Larry, Larry, oh no, you gotta go
Leave aside for a moment the question of whether a market in which buyers have to be bribed to participate can really be described as “better functioning.”
And now, the throwdown:
America emerged from the Great Depression with a tightly regulated banking system, which made finance a staid, even boring business. ... Yet that boring, primitive financial system serviced an economy that doubled living standards over the course of a generation.
After 1980, of course, a very different financial system emerged. In the deregulation-minded Reagan era, old-fashioned banking was increasingly replaced by wheeling and dealing on a grand scale. ...
Underlying the glamorous new world of finance was the process of securitization. Loans no longer stayed with the lender. Instead, they were sold on to others, who sliced, diced and pureed individual debts to synthesize new assets. Subprime mortgages, credit card debts, car loans — all went into the financial system’s juicer. Out the other end, supposedly, came sweet-tasting AAA investments. And financial wizards were lavishly rewarded for overseeing the process.
But the wizards were frauds, whether they knew it or not, and their magic turned out to be no more than a collection of cheap stage tricks. Above all, the key promise of securitization — that it would make the financial system more robust by spreading risk more widely — turned out to be a lie.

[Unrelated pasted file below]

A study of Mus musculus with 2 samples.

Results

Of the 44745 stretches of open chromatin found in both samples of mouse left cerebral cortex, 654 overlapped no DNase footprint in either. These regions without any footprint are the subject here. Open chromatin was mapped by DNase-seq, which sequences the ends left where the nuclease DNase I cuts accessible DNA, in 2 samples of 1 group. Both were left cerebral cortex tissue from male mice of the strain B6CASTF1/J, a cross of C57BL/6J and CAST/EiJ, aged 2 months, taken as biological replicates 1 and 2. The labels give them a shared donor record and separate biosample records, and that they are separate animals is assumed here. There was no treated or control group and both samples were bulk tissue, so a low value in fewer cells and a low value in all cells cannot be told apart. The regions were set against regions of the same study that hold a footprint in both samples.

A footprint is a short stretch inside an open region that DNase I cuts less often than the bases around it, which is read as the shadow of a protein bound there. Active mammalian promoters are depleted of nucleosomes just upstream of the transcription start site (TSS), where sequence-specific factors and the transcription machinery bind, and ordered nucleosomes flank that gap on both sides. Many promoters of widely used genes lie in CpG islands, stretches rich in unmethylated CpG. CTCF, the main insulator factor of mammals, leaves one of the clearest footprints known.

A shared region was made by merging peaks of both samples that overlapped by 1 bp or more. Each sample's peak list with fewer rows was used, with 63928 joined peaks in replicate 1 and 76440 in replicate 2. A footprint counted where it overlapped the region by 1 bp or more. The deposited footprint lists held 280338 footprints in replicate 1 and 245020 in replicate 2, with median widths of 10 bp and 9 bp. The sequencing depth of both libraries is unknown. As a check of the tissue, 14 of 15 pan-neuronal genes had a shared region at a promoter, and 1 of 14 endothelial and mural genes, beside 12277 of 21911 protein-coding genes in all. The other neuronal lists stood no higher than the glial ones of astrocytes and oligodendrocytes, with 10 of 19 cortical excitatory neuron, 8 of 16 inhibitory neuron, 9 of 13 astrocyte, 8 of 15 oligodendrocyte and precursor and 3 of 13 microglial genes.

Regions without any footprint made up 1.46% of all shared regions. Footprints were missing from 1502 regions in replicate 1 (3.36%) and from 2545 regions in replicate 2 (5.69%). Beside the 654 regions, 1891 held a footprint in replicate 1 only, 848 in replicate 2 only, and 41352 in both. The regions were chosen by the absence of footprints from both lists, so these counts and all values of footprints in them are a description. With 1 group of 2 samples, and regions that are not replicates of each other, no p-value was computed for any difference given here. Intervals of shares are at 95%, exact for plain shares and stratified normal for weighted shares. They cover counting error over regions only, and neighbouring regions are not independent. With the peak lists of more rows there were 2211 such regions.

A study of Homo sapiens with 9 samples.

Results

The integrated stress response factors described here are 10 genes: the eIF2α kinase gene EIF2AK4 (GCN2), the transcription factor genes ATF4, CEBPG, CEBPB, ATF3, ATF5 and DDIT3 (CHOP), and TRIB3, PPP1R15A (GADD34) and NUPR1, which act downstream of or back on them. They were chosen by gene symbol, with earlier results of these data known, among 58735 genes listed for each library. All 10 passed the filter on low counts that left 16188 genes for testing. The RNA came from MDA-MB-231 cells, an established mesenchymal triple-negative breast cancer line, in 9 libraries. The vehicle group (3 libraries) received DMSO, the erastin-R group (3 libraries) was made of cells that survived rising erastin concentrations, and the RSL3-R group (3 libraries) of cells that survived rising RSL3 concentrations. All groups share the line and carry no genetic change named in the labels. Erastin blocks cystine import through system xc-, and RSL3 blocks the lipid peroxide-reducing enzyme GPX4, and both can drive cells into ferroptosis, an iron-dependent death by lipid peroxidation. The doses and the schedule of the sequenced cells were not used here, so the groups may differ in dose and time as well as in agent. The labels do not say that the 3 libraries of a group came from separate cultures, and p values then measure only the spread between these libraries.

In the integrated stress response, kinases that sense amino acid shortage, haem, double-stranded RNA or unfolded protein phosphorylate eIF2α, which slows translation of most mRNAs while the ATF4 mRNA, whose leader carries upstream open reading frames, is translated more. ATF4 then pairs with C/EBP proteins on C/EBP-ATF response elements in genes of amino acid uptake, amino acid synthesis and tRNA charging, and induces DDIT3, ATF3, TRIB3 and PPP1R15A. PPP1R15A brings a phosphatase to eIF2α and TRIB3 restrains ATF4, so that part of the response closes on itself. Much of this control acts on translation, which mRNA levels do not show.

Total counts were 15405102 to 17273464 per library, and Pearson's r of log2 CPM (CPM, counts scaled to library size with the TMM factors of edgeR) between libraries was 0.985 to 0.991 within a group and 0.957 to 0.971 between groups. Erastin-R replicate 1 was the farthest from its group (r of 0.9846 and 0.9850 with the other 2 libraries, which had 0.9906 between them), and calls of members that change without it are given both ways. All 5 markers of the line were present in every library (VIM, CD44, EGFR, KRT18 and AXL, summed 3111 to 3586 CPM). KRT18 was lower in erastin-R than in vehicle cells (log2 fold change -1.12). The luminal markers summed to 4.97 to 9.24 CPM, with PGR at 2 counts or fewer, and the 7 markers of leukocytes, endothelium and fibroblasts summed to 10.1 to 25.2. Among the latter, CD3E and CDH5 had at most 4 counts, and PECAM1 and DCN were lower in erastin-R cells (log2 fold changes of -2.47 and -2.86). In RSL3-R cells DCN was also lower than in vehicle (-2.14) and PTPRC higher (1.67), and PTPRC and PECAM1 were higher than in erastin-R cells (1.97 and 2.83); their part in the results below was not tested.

Much discussion of the toxic-asset plan has focused on the details and the arithmetic, and rightly so. Beyond that, however, what’s striking is the vision expressed both in the content of the financial plan and in statements by administration officials. In essence, the administration seems to believe that once investors calm down, securitization — and the business of finance — can resume where it left off a year or two ago.
To be fair, officials are calling for more regulation. Indeed, on Thursday Tim Geithner, the Treasury secretary, laid out plans for enhanced regulation that would have been considered radical not long ago.
But the underlying vision remains that of a financial system more or less the same as it was two years ago, albeit somewhat tamed by new rules.
As you can guess, I don’t share that vision. I don’t think this is just a financial panic; I believe that it represents the failure of a whole model of banking, of an overgrown financial sector that did more harm than good. I don’t think the Obama administration can bring securitization back to life, and I don’t believe it should try.
I suppose you could regard the whole process as a failure of central planning, where the planners, instead of being dull-eyed Stalinists in ill-fitting suits, were the best and the brightest, driven insane by greed, unlimited wealth, and testosterone MR SUBLIMINAL And hookers and blow not necessarily in that order.
And just like, say, the Soviet auto industry, our central planners actually subtracted value from their inputs; it would have been more cost-effective for the Russians simply to have sold the steel ingots, rubber, glass, and so forth on the open market, rather than process them into Zils, and GAZs, and Ladas. As Krugman says: More harm than good.
Why don't we just turn the banks into regulated public utilities?
NOTE Actually, thanks to ConnecticutMan, we know now that a turd can indeed be buffed, so there is hope for Geithner-san's plan. A turd buffed, however, remains a turd.